Vanilla Ice in NY Times: "It's Not 'Pimp This House'"
Photo by C. Stiles

Vanilla Ice in NY Times: "It's Not 'Pimp This House'"

Photo by C. Stiles

As the October 14 debut of

The Vanilla Ice Project

approaches, the Wellington-based rapper and real estate mogul is ramping up his promotional game. After stops on

Lopez Tonight


video here

) and

Entertainment Tonight

, Robert Van Winkle is getting some coverage in the

New York Times

for his

DIY Network

reality series about renovating luxury homes in South Florida.

Aside from pointing out that this 13-year obsession is hardly a new career, Robert also discusses the fine line between creating glamorous living spaces and something tacky.

From the interview:

Tell me about the house in Palm Beach.

It was a tax-lien property. We auctioned on it. The house, before I even

touched it, already appraised at over $800,000, and I got it for

$400,000, so I had a lot of room to play with. It was completely gutted --

they took every cabinet, every sink, every toilet, every door and door


It worked out good for me, because it shows really nasty on the show,

and then we fix it up amazing. I use a lot of new things in this house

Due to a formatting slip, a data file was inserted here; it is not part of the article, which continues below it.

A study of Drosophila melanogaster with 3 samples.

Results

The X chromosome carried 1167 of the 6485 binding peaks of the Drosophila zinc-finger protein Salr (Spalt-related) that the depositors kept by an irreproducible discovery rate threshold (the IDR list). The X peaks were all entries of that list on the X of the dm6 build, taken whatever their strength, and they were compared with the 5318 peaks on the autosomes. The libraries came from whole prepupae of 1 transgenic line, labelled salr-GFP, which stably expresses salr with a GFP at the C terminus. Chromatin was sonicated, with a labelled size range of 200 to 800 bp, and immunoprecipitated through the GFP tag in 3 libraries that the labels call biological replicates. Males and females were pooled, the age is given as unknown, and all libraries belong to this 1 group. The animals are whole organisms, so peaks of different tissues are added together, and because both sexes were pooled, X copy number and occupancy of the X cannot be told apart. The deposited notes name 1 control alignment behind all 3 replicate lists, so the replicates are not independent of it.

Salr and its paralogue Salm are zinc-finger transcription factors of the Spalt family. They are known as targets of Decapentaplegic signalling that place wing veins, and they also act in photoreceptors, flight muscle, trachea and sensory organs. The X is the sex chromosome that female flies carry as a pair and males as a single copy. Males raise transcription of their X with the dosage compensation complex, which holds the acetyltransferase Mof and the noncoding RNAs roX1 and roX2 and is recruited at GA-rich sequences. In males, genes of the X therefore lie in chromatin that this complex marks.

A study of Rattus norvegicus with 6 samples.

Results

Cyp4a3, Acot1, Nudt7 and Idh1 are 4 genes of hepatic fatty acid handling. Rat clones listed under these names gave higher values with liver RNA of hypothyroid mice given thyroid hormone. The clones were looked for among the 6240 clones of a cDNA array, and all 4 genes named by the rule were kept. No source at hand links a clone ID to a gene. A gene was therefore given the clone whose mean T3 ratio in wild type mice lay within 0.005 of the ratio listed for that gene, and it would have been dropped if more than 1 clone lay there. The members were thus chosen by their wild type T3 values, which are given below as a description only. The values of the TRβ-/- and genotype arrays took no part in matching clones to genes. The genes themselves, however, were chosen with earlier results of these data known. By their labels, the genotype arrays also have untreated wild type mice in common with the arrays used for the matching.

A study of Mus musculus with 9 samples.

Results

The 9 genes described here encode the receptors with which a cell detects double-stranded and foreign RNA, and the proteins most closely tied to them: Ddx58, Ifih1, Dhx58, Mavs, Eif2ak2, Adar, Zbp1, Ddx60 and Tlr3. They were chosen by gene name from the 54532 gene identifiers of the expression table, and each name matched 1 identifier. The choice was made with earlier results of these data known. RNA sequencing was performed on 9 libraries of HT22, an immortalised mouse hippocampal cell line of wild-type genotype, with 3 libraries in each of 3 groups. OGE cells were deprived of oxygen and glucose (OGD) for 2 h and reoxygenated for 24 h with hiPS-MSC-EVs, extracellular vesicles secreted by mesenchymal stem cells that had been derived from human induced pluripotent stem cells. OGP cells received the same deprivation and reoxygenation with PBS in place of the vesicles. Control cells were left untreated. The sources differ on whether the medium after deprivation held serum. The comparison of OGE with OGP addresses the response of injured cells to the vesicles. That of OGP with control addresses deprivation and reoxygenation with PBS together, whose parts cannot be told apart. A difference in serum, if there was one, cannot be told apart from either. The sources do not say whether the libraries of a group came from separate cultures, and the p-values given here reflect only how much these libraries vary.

that people have never seen in home building before, like ultra-modern,

cool, high-tech things that even if you don't care about Vanilla Ice

you're going to be entertained by.

Like what?

Most people aren't accustomed to seeing mood lighting. If you're in a

bad mood, the lights will go red, and they'll go blue if you're in a

good mood.

How does that work?

There's some kind of sensor, like I guess a mood-ring sensor thing. I

really don't know; I still can't figure out how it works, but it's

amazing. They're all done in fiber optics. When they're off, you can't

tell they're in the house.

What else?

We have an infinity edge pool. We put all these fire pods in place and

stuff. We have these planters with a fan inside -- it shoots the gas up,

and the flame actually spins about eight feet high on both sides of the

infinity edge pool. Inside the planter, there are four real bright LED

lights that hit that spinning fire. So you get fire that changes colors.

Plenty more at the source, including a shot of Rob looking right at home in a home theater he built.